University announces new institute in Chicago

By Aila Rahman, Staff Writer

The University has announced plans to build a new center for innovative research, the Discovery Partners Institute, in the technological hub of Chicago.

The University aims to take advantage of Chicago’s new status as the next Silicon Valley. In 2015, Forbes reported that Chicago had a 19.3 percent growth in tech jobs, which have a 67 percent higher median salary as compared to other jobs.

The $1.2 billion institute will be funded primarily by private donors and business partnerships. It will be located on the 78, a 62-acre tract of residential, office, retail, recreational and cultural space in downtown Chicago.

The University is partnering with Northwestern, the University of Chicago and the Israeli government.

The faculty could bring in $500 million annually in funding for their research. The DPI will open with around 50 faculty members and could expand to 90 members when fully operational, according to an Office of University Relations press release.

Additionally, the DPI is the basis for establishing the Illinois Innovation Network, which aims to expand DPI’s influence across the state, according to the official website for the DPI. The Illinois Innovation Network will allow DPI staff and researchers to work with other universities and allow businesses to help launch new companies and lift communities.

According to the University press release the DPI will initially serve a couple hundred students enrolled at the University and its partnering universities, eventually expanding to 1,800 students at its full operation. These undergraduates and graduate students will have the opportunity to live in Chicago while working at the DPI or startup companies.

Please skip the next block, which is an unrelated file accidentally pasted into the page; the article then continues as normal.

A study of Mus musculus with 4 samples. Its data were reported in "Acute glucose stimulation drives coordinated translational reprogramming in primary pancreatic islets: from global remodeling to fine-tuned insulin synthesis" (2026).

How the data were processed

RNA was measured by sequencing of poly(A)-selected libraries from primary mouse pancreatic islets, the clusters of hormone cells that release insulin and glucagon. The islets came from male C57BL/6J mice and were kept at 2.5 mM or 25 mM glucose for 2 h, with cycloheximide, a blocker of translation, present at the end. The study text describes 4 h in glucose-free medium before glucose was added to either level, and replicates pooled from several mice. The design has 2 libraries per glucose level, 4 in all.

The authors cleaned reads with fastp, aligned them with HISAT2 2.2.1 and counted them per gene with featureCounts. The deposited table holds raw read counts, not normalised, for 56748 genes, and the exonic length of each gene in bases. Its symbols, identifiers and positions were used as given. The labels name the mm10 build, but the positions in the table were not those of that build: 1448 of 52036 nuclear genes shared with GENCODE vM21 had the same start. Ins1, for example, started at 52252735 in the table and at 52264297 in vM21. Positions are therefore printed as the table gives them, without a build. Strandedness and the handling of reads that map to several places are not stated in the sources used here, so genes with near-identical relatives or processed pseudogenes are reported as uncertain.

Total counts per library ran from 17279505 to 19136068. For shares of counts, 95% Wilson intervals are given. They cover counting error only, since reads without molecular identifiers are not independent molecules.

As a result of this, Chicago will benefit, as an estimated $300 million is to be used for private real estate developments to house students and faculty, according to the press release by the Office of University Relations.

Executive Director at the Office of University Relations Thomas Hardy said in an email that construction on the DPI has not begun yet. It is currently in its conceptual and fundraising stage.

Recently, Illinois Gov.Bruce Rauner, University President Tim Killeen and others visited Israel, which was chosen to be the key international component of the DPI.

They signed four memorandums of understanding with Israeli universities. These research partnerships, with focuses on data science, healthcare and agriculture, will include exchanging student body and faculty.

Israel’s Consul General Aviv Ezra set up much of the itinerary for the trip and facilitated discussions among Rauner, Killeen and Israeli officials.

“As Israelites, we are very excited to help Chicago build (the DPI),” said Moran Birman, consul for public diplomacy.

Birman also said they love Chicago and are excited for the addition of the DPI.

“It can be very beneficial to the city of Chicago as a future hub for technology,” he said. The DPI will connect top research faculty with students, businesses, entrepreneurs and venture firms as they work to solve real-world problems in agriculture, healthcare, computing and other critical fields.

Cybersecurity, new medicines and treatment methods and improving nutrition are a few of the problems the DPI will address.